You must build a boat
Kingdom takes strategy and distills it down to its simplest systems. There’s one currency to keep track of, it’s either going out to expand and upgrade capability, or it’s coming in from workers and exploration. The original game had one goal: survive the nightly onslaughts long enough to build up an attacking force to stop them at the source.
New Lands expands on the idea. Instead of eradicating the demon hordes, the pixel monarch is destined to explore, and often just makes it out of an encampment as it’s overrun. The goal of building a boat and sailing away seems like a simple change, but it adds new strategies to consider, and gives the player more to learn.
Kingdom: New Lands (Android, iPhone, Mac, PC, Switch [reviewed])
Developer: Noio and Licorice
Publisher: Raw Fury
Release Date: September 14, 2017 (Switch)
Indeed, the strength of Kingdom is in its trial-and-error learning. First time kings and queens will bumble around the would-be kingdom, assigning coins to tasks just to figure out what they do and how they benefit the economy. Sending workers to cut down trees is simple enough. Paying a hefty sum to donate to a shrine without obvious effects spelled out takes some experimenting.
Even the way a ruler recruits new underlings takes some time to get quite right. Near the central camp on either side, smaller camps can be found that produce new potential workers. However, expanding a kingdom by clearing out nearby trees will eventually wipe those camps off the map. After one early game where I tried to clear out space quickly, I soon realized I had too few workers and no way to get more.
Eventually, all of the pieces come together and the base experience is essentially “solved.” I know not to bother building up the innermost walls since those come free with camp upgrades. I know not to build farms until I have walls past them to protect the workers from the demons. I know not to upgrade random guard towers past their second level because they’ll remove more of my archers from the pool of mobile fighters.
That’s where the central idea behind New Lands kicks in. Each new area to explore has minor tweaks. Maybe it’s a new type of shrine to offer money to. Maybe it’s a dog trapped under a log. (I still don’t know what the dog does beside bark and be cute, but I always save it.) After a while the traveling merchant is no longer there as a crutch to earn money. Even after the game is solved, new areas can throw a wrench into the mix.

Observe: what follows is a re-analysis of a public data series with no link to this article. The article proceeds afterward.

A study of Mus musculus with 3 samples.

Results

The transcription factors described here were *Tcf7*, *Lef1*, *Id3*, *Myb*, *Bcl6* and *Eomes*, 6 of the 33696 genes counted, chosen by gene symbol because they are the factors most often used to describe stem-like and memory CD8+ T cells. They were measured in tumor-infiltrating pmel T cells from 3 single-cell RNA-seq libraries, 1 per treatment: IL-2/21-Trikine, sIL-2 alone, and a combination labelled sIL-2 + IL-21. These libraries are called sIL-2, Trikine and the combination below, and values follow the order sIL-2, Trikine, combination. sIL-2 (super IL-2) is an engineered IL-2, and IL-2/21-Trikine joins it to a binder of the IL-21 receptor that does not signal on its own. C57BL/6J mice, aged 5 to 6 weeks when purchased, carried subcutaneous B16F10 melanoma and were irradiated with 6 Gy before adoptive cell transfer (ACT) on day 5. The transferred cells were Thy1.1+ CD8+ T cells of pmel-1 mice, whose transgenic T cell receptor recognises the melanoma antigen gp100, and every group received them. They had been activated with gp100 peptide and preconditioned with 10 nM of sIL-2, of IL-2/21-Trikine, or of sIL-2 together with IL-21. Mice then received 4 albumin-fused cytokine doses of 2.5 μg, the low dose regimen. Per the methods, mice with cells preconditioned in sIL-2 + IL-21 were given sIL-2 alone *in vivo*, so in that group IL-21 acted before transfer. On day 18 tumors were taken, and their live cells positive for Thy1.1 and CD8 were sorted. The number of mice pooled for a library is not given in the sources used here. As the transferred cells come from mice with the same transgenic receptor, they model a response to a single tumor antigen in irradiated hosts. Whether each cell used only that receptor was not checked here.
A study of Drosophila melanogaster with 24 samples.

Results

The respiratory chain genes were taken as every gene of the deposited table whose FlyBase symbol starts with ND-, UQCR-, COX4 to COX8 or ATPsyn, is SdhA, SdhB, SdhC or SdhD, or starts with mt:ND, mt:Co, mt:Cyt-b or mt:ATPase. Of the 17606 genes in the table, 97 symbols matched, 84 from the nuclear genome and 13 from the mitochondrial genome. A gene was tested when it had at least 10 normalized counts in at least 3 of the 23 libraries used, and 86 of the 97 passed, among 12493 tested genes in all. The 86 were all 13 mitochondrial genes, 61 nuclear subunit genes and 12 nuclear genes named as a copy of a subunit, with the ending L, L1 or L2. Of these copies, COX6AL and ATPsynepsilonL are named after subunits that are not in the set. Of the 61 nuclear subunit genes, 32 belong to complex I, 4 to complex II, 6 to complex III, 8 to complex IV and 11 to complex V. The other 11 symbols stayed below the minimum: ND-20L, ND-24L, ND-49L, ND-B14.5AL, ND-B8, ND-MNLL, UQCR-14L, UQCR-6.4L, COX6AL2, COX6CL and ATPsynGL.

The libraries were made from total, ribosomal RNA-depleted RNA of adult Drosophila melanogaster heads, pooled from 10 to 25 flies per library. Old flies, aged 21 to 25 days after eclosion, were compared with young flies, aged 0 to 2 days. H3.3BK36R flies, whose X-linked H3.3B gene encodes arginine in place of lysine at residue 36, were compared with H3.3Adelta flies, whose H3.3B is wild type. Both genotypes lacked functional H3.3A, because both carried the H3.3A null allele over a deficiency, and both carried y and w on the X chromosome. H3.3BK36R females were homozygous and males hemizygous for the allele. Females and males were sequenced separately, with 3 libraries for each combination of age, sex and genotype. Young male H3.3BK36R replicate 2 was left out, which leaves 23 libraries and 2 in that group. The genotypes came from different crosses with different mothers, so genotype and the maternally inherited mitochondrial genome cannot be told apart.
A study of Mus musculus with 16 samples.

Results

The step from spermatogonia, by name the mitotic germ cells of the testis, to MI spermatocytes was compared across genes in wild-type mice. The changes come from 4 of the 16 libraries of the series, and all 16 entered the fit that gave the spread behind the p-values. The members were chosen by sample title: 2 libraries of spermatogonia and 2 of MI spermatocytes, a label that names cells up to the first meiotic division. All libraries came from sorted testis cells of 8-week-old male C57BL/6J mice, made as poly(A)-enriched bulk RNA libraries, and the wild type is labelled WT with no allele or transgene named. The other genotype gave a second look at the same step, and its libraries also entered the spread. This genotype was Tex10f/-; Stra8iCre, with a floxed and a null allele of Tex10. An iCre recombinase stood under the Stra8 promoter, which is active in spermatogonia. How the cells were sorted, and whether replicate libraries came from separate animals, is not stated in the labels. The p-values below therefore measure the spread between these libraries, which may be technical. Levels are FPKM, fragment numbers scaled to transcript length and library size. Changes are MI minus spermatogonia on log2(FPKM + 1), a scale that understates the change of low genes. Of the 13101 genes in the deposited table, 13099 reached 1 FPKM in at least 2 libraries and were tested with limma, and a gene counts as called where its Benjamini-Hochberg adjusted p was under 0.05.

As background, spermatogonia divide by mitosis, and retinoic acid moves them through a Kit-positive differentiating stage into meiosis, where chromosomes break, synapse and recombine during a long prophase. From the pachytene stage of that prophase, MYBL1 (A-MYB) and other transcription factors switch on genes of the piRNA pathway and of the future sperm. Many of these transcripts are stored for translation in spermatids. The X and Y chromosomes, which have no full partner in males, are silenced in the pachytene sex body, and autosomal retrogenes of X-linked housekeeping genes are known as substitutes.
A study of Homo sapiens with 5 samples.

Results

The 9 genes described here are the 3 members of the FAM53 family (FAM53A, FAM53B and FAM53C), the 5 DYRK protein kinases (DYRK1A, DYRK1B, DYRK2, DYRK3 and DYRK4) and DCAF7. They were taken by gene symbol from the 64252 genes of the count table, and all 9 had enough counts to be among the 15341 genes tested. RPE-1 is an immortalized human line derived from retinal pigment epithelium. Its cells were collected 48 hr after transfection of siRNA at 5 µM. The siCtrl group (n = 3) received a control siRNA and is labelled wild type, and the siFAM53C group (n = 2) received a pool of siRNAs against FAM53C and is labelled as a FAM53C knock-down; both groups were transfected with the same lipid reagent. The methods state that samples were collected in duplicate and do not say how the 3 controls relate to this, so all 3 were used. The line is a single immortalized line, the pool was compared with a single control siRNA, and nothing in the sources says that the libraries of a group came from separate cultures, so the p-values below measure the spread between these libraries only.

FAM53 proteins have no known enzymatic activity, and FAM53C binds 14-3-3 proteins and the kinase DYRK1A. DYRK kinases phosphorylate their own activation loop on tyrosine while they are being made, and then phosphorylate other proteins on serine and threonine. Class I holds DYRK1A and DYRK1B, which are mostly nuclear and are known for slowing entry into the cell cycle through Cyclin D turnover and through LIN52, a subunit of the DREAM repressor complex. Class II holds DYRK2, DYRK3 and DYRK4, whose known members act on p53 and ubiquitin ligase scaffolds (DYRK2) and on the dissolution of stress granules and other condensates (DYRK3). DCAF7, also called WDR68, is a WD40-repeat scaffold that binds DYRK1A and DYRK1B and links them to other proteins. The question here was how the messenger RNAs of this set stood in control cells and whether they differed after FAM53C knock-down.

One of the biggest changes I’ve seen had only a single recruitment camp available before hitting demon portals. It required me to carefully consider each job assigned, since workers were so scarce. It also had me ramping up one side’s military more quickly than usual, so I could assault a portal and gain access to the workers behind it.
So if learning is the heart of Kingdom, then New Lands keeps that heart pumping over a longer course. Though the base gameplay remains the same throughout, each new area brings one small tweak, and each small tweak requires another round of trial-and-error.
It’s a perfect little game to play in handheld mode on the Switch. Or, it would be, were it not for some glaring performance issues in this port. Toward the end of a run, usually after there are dozens of workers and as many demons to fight off, the Switch version experiences significant slowdown — I’d hazard a guess that I’ve seen it drop to a single frame per second at times.
When it hits those lows, it’s not unplayable, but it’s dang close. I’m more apt to put it down after a particularly choppy run, but I still find myself coming back to it after a while. Despite its technical flaws, I still want to see all of the different areas, and learn all of their secrets.
[This review is based on a retail build of the game provided by the publisher.]